A common question when starting recovery is how long does treatment last. That question is hard to answer exactly, but the answer must reflect the reality: it takes quite a long time to recover.
This reality is important for patients, clinicians and loved ones to understand because one underlying tenet of treatment is patience. Slips and struggles cannot turn into a reason for the patient, her family or the therapist to blame her for the illness or the length of time needed for recovery. Everyone needs to understand that this process includes many ups and downs, struggles and successes.
Since people can fully recover from these illnesses, it's perplexing to many why recovery takes so long. Changing eating patterns from disordered eating to normal eating seems like it ought to be very straightforward, yet realistic progress could not be more complex.
The biological underpinnings of the recovery process are useful to better understand why.
Some human behaviors, like those of animals, are largely innate and do not require much conscious attention, such as breathing, sleeping, walking or eating. Although we often use our abilities to attend to these actions, our more primitive brain functions will take over and force us to perform these tasks if we choose not to.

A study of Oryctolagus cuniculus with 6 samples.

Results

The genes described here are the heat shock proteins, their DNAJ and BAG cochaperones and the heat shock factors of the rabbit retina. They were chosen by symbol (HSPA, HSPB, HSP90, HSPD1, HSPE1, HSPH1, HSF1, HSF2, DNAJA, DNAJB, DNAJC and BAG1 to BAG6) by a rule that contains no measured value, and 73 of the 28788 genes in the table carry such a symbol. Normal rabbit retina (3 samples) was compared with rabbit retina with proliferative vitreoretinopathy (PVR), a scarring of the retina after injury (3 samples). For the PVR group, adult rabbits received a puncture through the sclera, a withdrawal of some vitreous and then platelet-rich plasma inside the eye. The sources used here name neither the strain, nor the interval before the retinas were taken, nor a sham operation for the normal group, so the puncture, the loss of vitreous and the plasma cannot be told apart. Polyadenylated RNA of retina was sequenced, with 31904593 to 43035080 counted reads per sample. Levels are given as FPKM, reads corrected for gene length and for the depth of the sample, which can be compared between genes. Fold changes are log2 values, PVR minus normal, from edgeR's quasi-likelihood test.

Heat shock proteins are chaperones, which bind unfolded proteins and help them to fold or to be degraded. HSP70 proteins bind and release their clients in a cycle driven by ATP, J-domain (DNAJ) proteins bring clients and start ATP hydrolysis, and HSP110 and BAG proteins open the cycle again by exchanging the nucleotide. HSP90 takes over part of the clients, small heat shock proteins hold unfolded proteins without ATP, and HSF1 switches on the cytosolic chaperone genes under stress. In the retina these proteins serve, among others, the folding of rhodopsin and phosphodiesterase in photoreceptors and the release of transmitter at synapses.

Our brains are hardwired for these specific actions because they are necessary for survival. The gift of conscious awareness and attention can only go so far before our animal instincts force us to continue these tasks. Eating falls into that category.
Most eating disorder patients who have restricted long-term reach a point where their hunger reaches starvation level and their minds don't let them starve anymore. As upsetting as this is, our bodies are programmed to live. But, as I have written many times in this blog, eating in and of itself doesn't equal recovery.
Similarly, our brains appear to develop powerful eating behaviors that become ingrained in our daily life. There is a large variety of these behaviors: grazing, substantial meals through the day, constant food obsessions and disordered patterns. However, once those patterns are set, they become deeply entrenched in our daily routine. Since food behaviors appear to be well-protected, primitive behaviors, these patterns become locked into very fixed circuits in the brain.
Changing those fixed circuits takes a lot of time, practice and attention. Eating like we did when we were children is not akin to riding a bicycle after years of not doing so. Relearning how to eat is a long, arduous process in which every step is not intuitive and demands attention and focus. Over time, the mind can learn a new way of handling food thoughts and behaviors, and the new patterns gradually become unconscious and automatic. Those behaviors do change, but the transformation of any unconscious process takes quite a bit of time.